Collaborations between telcos key to achieving Africa’s digital transformation agenda

Telecom providers in Africa have been urged to work conjointly to ensure the continent achieves its digital transformation agenda.

Speaking during her keynote speech at the recently concluded NOVACOM Digital Transformation Strategy Summit in Cape Town South Africa, former West Africa Google Director Juliet Ehimuan noted that possibilities lie ahead for digital innovation in Africa.

‘’Telcos, ISPs and providers need to join forces to ensure the continent does not lag behind’’ she said.

Telcos have an important role to play in driving the transformation agenda in the continent. Their infrastructure services need to be revamped if the continent is to effectively deliver on this transformation.

Dr Willie Oosthuysen, Chief Strategy Officer at Liquid Intelligent Technologies who was also present at the summit told TechTrends Media that telcos in Africa first need to have conversations on digital connectivity.

‘’Before we even talk about digital transformation, we first need to talk and digital connectivity so that people have access to content and communication services’’ he said.

‘’One of the biggest challenges we have in Africa still is that 60% to 70$ of people do not have access to broadband services. When public and private sectors join hands and put capital together, there’s always a good outcome.’’’ he added.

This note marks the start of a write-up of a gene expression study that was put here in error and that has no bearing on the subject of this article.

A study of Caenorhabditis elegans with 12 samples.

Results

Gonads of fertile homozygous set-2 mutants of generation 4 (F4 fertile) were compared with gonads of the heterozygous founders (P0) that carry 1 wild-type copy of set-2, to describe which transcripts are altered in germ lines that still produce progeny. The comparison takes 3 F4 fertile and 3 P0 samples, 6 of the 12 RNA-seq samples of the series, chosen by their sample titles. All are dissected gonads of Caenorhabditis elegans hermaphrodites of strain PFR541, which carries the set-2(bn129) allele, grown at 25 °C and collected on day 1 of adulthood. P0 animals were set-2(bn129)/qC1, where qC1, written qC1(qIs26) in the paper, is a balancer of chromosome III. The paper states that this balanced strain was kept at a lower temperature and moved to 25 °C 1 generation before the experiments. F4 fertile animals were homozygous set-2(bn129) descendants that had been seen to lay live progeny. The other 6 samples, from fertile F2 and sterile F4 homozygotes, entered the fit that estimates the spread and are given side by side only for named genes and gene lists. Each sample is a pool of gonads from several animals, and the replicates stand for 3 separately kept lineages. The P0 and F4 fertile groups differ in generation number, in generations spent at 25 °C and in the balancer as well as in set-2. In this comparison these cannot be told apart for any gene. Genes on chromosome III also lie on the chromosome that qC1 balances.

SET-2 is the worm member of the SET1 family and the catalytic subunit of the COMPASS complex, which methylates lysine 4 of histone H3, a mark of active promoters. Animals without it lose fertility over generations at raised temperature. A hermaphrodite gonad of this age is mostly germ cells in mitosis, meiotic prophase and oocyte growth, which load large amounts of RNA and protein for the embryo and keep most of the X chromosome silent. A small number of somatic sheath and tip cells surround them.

Insights on mobile internet connectivity in Sub-Saharan Africa from GSMA reveal that since 2014, the progress in connectivity in Sub-Saharan Africa has been substantial. By the end of 2021, 22% of the total population in Sub-Saharan Africa was using mobile internet (and 40% of adults over 18 years of age). Despite being the region with the largest gaps in mobile internet coverage and usage, it’s clear to see the progress that has been made over the years in addressing supply-side and demand-side barriers in the region.

As a result of continuing mobile broadband investments in the region, GSMA notes that 83% of the population was covered by a mobile broadband network by the end of 2021. ‘’However, globally, there are 400 million people still not covered by a mobile broadband network (5% of the world’s population), with half of them living in Sub-Saharan Africa’’ 

Digital technology can drive innovation, economic growth and job creation in many key sectors of the economy, and allows for greater interconnection of African markets with one another and with the rest of the world

Mobile connectivity indeed has the potential to accelerate Sub-Saharan Africa’s digital transformation and drive socioeconomic advancement, but realising this potential requires policy measures to support network investments and improve the affordability of digital services for consumers.

During the summit, thought-provoking discussions centred around infrastructure, policy, investments, digital skills,  and access to the Internet. This was also the first time the summit was being held in South Africa.